How can I understand my customers better?
I’m starting up a retail operation and I’m considering my marketing plan. However, I don’t have much idea who my target customers are and not sure how I can best reach out to them to spend their money with me. How can I better understand my customers and know what appeals to them?
Hmm, if you are going to start up a retail operation and don’t know who your target customers are for your marketing campaign then you are in lot of trouble, for two key reasons; 1) would shouldn’t separate your marketing campaign from your strategy, and 2) you have to know your consumer before you start your business. As someone once said, ‘Advertising is the tax you pay for not having a remarkable product’. The better you know your customer, the more remarkable your product will be (to them).
Many people believe they should have something (a retail space) and then work out how to market it. This is wasteful thinking, as ‘everything communicates’. Therefore everything is part of your marketing campaign. Your shop front, how you treat staff, how you treat customers, your loyalty cards, what you sell. Absolutely everything is part of your marketing campaign. Use all of these elements to deliver on your customer needs and then ‘marketing’ for ‘marketing sake’ becomes less important. Your marketing should be embedded into your business model – not an afterthought.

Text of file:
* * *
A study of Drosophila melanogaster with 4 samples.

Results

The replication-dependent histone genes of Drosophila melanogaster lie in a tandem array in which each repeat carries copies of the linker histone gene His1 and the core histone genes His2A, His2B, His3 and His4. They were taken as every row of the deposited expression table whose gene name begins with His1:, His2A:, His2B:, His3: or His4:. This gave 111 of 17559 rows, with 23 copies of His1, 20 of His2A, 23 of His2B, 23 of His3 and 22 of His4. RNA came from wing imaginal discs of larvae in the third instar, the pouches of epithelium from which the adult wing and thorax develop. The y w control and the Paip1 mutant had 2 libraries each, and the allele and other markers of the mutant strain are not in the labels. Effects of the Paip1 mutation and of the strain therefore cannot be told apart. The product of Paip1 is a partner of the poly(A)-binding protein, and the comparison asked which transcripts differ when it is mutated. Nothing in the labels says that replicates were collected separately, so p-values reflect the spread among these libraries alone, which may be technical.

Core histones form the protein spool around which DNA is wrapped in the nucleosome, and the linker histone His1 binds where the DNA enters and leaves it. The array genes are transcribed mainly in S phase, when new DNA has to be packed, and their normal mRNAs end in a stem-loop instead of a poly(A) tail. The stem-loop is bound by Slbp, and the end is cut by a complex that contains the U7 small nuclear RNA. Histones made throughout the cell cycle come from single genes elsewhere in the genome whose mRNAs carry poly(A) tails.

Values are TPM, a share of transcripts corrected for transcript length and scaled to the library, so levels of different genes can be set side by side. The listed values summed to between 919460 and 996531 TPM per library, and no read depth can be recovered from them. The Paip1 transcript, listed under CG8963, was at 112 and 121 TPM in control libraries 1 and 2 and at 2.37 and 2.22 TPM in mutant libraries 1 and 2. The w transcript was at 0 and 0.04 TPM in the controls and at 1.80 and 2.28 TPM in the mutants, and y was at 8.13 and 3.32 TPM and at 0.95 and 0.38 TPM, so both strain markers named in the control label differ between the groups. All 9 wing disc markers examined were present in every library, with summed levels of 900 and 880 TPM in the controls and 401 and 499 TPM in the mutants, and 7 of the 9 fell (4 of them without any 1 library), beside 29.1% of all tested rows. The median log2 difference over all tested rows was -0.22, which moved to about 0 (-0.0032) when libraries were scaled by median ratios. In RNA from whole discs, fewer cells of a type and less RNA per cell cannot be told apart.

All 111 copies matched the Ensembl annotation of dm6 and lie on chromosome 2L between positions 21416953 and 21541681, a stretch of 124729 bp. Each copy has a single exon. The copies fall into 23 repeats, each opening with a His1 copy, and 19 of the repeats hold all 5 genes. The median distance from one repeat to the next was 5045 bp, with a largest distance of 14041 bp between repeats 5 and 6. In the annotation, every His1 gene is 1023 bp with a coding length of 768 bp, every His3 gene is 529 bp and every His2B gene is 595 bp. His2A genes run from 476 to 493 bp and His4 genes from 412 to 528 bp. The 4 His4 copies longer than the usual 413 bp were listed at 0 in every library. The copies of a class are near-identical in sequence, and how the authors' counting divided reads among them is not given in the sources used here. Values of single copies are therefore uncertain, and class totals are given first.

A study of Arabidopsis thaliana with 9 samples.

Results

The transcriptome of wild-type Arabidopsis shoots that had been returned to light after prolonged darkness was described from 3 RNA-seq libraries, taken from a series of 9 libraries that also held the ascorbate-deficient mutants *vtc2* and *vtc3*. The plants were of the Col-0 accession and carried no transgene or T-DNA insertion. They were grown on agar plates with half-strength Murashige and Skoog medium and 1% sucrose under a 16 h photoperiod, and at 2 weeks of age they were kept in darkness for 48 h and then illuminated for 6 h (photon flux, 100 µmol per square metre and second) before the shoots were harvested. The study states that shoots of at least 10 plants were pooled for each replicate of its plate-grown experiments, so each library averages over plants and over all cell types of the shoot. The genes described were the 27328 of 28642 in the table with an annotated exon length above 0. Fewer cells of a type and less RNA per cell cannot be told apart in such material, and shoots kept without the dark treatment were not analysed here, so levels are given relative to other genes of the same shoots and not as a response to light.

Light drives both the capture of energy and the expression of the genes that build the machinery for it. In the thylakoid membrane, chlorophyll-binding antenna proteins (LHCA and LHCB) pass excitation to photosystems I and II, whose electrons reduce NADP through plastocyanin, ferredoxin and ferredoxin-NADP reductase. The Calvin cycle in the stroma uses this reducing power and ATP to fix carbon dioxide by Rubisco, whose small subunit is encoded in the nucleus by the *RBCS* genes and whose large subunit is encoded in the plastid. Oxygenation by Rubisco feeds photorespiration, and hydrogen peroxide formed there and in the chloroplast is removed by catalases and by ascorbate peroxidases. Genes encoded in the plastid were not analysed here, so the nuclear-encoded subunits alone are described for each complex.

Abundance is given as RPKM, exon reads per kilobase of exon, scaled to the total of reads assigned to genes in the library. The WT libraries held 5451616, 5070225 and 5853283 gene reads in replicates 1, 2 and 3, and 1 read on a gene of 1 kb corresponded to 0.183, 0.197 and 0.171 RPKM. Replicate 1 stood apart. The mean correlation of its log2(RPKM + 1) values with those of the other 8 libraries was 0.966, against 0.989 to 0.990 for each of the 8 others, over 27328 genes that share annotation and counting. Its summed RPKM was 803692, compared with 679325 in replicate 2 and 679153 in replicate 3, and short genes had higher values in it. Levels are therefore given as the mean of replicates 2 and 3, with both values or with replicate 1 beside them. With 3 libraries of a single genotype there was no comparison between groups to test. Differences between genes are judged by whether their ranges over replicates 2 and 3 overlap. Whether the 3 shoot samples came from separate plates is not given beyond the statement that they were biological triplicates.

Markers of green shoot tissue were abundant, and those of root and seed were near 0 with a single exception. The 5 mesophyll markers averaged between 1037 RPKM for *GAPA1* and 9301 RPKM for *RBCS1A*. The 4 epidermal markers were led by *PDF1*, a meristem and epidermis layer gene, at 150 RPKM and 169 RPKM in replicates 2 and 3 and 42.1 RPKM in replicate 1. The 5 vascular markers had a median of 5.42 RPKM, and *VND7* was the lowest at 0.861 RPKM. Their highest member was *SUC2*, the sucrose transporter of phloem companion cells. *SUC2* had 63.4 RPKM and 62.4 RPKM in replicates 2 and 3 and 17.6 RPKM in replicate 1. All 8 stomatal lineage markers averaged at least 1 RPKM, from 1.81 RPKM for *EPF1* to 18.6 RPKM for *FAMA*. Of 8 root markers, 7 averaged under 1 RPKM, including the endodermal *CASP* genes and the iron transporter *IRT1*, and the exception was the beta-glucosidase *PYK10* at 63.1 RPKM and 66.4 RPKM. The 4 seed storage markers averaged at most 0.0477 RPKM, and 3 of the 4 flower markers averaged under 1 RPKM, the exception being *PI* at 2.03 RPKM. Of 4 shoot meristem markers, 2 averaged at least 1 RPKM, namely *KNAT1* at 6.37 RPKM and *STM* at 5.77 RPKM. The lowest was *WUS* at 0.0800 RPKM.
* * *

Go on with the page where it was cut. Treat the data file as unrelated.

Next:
The more you know your customer the more you are going to be able to deliver on their needs, and give them an experience they find enjoyable. Get your brand as tight as possible - stay focussed. Spend time with some of your core customers, understand what they like about the brand you’ve created/are creating.
How do you know the right things to ask? Think of the six W’s: who are they, what are their demographics, what types of stores do they like to tell about themselves, what are their motivations / needs / hopes / desires? Where and when do they like to shop, how do they shop, and think of the same for where and when they consume your product. What’s missing from their life? What do you offer that competitors don’t? Think of all the reason why someone won’t come to your shop and remove as many of those barriers as possible.
At the end of the day, keep things simple, 1) ‘Everything communicates’, and 2) ‘know your customer’.